On the Medical Watch: One of the largest COVID-19 vaccine trials hits a road block.
The Moderna vaccine is in phase 3 which means it’s in the final stage of testing. But after doctors raised a red flag — warning more minority participants were needed to determine if the vaccine is effective — the manufacturer agreed.
Dr. Richard Novak has been testing vaccines for more than 25 years and now the University of Illinois at Chicago infectious disease physician is on the frontline again managing the Chicago arm of the <oderna COVID-19 vaccine trial. But early on he expressed concerns particularly about recruitment of study participants and targeting populations most at risk.
“We recognize it was very important to make sure we know the vaccine is working in people who are most at risk for getting the disease,” he said.
Here’s how a clinical trial works:
A pharmaceutical company partners with academic centers like UIC to recruit patients and administer either placebo or the experimental vaccine. At the same time, the company contracts with commercial sites around the country – facilities paid by the drug maker to run the same study protocols.
“The more they enroll the more they are paid and so there’s motivation to just enroll quickly,” Novak said. “Ideally it should reflect the population of the country.”
In Moderna’s case, instead of enrolling a diverse group of study participants, the commercial facilities quickly filled spots in the 30,000-person trial with mostly Caucasian volunteers. Now the company has slowed the study to focus on more minority recruitment. At UIC, 75% of study participants are minorities. But there are long-standing challenges with recruitment, particularly within the African American community.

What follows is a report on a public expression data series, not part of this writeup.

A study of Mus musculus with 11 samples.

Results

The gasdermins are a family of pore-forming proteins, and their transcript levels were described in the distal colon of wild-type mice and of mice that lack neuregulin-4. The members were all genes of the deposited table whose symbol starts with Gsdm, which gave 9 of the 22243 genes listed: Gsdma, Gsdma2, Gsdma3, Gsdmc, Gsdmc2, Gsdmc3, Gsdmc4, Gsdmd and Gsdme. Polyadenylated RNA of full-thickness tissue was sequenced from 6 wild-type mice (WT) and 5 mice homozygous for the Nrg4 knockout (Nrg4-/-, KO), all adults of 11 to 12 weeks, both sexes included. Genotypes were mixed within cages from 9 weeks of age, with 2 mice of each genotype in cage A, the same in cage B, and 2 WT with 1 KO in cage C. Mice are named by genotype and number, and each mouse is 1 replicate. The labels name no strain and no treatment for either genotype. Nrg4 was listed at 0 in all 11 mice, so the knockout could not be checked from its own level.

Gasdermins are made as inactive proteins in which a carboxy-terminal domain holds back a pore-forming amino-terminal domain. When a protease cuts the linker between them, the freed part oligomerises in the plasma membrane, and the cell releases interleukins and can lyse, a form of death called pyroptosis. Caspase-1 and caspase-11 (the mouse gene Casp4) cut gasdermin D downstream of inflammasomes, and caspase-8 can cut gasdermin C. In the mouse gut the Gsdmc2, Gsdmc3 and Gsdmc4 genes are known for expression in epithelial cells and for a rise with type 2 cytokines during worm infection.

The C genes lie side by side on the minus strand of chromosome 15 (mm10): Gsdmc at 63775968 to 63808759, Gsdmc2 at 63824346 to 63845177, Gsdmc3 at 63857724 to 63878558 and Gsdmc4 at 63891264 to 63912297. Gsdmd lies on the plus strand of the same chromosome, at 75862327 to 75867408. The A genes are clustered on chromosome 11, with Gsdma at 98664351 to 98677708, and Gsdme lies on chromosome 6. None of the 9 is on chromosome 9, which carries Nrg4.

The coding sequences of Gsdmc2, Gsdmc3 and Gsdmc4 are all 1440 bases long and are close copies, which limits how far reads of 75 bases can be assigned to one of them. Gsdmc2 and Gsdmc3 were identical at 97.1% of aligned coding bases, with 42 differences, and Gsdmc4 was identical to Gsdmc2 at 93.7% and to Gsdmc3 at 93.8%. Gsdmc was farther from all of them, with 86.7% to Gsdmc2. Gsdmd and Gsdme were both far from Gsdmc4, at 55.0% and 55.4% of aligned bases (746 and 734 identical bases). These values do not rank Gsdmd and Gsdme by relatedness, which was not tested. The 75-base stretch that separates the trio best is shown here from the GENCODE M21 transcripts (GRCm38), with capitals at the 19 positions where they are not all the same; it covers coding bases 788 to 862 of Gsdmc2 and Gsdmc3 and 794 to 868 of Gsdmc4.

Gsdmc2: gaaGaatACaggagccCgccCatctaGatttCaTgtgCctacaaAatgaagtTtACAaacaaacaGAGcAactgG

“Part the challenge is there is a great deal of mistrust particularly in the African American community in participating in research b/c of the history of clinical research among African Americans,” Novak said.
Like the Tuskegee syphilis study. African American participants were not informed when an effective treatment — penicillin — became available.
“By today’s standards that’s disgraceful and we have much more safeguards to protect the rights and safety of our participants than existed then but that is fresh in the minds when we talk to groups of African Americans about research that often comes up,” Novak said.
Community advocates are joining the effort to help address the sense of mistrust.
“I think we should be part of the tests but it’s going to take some convincing to make it happen,” the Rev. Jesse Jackson, with the Rainbow PUSH Coalition, said.
“When we don’t have input from diverse populations then these interventions down the line may not be able to be adequately adopted by the populations that need them most,” Dr. Inger Burnett-Zeigler, Northwestern Medicine, said.
“Our input is valuable our input is critically important in making sure that novel medical treatments meet us, are right for us and can help heal our communities as a whole and that is the role we can play as citizen scientists by making sure our voices are heard in research studies,” Burnett-Zeigler said.
“I encourage people to participate this is so important for us all so we can get out of this pandemic we need these vaccines,” Novak said.
UIC is getting ready to launch another clinical trial for a COVID-19 vaccine made by Janssen. That study will have satellite sites in Latinx and African American communities.